Dialogue Q4, 2021 – AVAILABLE NOW!
In a crisis, teamwork comes to the fore. It’s been one of the stories of the pandemic: in organizations around the world, the sudden shock of disease and economic disruption prompted astonishing feats of teamwork. From frontline health services to businesses jolted into adapting products and taking services online, the pandemic – especially in its early days – created rare shared purpose and clarity of focus.
Yet, paradoxically, the pandemic has also pushed many teams apart. For those of us who thrive on working cheek-by-jowl with colleagues, it has been a long drought. Even for those for whom colleague interaction was more of an occasional treat, this has been a rare period of abstinence. Robbed of their usual ways of working, teams have had to revisit foundational basics: how do we do things? How do we stay in touch? How do we share critical information?
That process has had real benefits. Amid the natural, bullish impatience to declare the pandemic ‘done’ and get back to ‘normality’ (something that’s only realistic in some parts of the world, of course, as the pandemic continues to rage), it’s essential that we recognize and retain those gains for our teams. That’s all the more important because of the underlying shifts in how we work, which predated – and will outlive – the pandemic: the drivers of intense competition, digitization, and the dynamics making the business world more volatile, uncertain, complex and ambiguous.
Those changes have made teams the “atomic” unit of work today, as Sanyin Siang and Michael Canning put it in their feature. The performance of teams is critical to organizational success; but for them to thrive, leaders need to fulfil a new role as team coach.
Unfortunately, the reality is that many teams are mediocre, as Martha Maznevski writes: they muddle their way through. The pandemic, however, has shown us in vivid colour just how teams can evolve to deliver super results. And with virtual working sure to stay, don’t miss Erica Dhawan’s essential tips for how our ‘digital body language’ can catch up with our new ways of working.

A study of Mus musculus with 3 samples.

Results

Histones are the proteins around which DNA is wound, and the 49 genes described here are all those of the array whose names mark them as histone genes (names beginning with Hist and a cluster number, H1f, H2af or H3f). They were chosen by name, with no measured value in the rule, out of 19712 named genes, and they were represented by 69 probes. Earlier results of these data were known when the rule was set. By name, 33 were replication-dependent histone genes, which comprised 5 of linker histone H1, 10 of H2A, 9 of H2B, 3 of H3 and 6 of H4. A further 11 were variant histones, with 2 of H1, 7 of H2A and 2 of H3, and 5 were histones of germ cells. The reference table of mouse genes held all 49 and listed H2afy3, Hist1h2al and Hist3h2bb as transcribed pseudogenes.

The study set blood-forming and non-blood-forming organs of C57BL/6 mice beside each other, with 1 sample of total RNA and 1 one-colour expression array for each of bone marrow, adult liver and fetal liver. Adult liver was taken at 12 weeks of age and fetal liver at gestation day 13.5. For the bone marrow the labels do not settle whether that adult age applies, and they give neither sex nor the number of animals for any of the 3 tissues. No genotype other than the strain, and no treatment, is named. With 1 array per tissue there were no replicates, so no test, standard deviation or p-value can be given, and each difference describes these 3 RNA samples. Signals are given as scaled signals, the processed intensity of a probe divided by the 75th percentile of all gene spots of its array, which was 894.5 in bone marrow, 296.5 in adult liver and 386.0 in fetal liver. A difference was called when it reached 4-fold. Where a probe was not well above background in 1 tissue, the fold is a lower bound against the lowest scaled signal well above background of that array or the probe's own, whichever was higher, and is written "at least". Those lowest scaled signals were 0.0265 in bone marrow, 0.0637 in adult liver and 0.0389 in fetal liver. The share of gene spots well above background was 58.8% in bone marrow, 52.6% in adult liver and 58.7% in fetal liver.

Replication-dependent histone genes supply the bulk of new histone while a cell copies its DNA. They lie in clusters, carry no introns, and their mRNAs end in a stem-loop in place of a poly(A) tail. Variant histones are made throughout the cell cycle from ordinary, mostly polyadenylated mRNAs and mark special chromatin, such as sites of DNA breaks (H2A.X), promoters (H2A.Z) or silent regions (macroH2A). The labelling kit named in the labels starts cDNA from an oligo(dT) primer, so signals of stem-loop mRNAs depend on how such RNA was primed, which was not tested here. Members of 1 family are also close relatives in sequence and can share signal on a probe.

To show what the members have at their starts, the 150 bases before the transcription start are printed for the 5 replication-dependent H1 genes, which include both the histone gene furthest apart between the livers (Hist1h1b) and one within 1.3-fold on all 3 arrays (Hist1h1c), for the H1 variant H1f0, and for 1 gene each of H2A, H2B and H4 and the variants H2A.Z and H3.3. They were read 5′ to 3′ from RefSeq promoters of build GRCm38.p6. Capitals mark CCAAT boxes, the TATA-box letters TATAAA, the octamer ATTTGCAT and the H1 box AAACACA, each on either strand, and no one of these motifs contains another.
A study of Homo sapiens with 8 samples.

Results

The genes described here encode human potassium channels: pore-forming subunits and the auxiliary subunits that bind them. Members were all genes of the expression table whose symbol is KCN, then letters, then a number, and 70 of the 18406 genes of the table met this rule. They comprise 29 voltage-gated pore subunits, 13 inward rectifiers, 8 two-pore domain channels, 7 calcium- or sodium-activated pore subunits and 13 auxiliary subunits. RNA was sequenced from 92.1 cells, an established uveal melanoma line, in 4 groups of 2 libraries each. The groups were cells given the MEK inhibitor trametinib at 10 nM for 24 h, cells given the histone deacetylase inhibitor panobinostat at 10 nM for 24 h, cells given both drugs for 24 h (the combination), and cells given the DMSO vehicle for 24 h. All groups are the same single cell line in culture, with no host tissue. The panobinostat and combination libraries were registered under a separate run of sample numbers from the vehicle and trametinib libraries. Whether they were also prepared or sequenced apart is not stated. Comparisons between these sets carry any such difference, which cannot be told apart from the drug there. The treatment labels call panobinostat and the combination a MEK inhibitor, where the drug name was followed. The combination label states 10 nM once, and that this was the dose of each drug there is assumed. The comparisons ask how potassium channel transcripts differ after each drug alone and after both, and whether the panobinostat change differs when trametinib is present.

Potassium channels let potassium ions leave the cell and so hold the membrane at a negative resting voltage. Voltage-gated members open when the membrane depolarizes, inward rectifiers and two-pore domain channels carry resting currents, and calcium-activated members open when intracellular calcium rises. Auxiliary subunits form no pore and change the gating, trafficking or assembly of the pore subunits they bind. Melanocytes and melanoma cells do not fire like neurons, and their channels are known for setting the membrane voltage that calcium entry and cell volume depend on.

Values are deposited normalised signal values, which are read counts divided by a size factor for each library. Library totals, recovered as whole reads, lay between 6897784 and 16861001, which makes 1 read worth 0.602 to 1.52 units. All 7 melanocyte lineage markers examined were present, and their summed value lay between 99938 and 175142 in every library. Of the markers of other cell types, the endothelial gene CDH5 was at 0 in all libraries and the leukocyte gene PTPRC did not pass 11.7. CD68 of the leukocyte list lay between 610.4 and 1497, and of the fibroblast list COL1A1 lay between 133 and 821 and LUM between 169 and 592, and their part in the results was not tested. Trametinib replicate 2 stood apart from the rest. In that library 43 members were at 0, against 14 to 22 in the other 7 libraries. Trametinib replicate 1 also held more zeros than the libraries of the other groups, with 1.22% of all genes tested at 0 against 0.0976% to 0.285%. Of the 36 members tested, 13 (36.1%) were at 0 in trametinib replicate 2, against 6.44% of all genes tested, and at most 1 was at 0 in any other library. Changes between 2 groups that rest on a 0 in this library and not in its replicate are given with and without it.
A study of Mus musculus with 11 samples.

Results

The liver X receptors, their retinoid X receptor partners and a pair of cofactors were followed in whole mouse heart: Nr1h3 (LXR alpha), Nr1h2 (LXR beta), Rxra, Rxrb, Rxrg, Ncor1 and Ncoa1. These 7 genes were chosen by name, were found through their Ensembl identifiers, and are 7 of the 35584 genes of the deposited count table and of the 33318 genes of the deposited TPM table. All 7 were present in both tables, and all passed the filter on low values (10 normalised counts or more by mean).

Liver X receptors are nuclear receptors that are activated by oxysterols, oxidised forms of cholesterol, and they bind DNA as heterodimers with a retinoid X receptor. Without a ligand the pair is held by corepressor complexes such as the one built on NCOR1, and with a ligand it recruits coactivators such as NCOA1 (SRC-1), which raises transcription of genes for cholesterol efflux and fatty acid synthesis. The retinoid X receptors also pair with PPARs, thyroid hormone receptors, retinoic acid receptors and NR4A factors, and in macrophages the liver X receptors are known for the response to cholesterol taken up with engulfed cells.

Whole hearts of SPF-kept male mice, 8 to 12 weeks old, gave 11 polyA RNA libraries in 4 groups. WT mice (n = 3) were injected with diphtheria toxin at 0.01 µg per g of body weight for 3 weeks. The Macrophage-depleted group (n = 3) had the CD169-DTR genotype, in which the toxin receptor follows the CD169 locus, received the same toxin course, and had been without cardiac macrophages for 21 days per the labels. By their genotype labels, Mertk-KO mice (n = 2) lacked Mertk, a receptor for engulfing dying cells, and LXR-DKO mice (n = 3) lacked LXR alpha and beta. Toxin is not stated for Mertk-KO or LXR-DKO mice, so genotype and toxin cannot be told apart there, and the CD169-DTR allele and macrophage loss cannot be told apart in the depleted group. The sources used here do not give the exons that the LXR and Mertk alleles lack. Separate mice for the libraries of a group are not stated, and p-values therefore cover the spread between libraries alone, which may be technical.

Meanwhile, Stanley McChrystal – the retired US army general famed for leading international forces in Afghanistan – shares his thinking about the role of teams in managing risk. Just as the human immune system fights disease, so organizations’ Risk Immune Systems combat the risks they encounter, he argues.
Elsewhere in the issue, we have a special feature from B Joseph Pine II and James H Gilmore on that uniquely precious resource: time. Too many businesses are careless with their customers’ time, but there is competitive advantage to be found in helping customers to save time, in creating experiences to help them spend it well, or even in enabling customers to invest their time in transformational goals. The theme of transformation is picked up by Nick Jankel, who explains why leaders need a new mindset to lead change, time and again – but often remain trapped by an outdated legacy mindset.
We also turn our eyes to China. Edward Tse reveals the foundations of China’s breathtaking economic success, and sketches three scenarios for its geopolitical and economic future. We take a closer look at some of the key numbers with the News Nation profile, while finance columnist Phil Young argues that the road to Covid recovery runs through Shanghai.
For the duration of the pandemic, and for the recovery, team performance will be critical. We’re stronger together.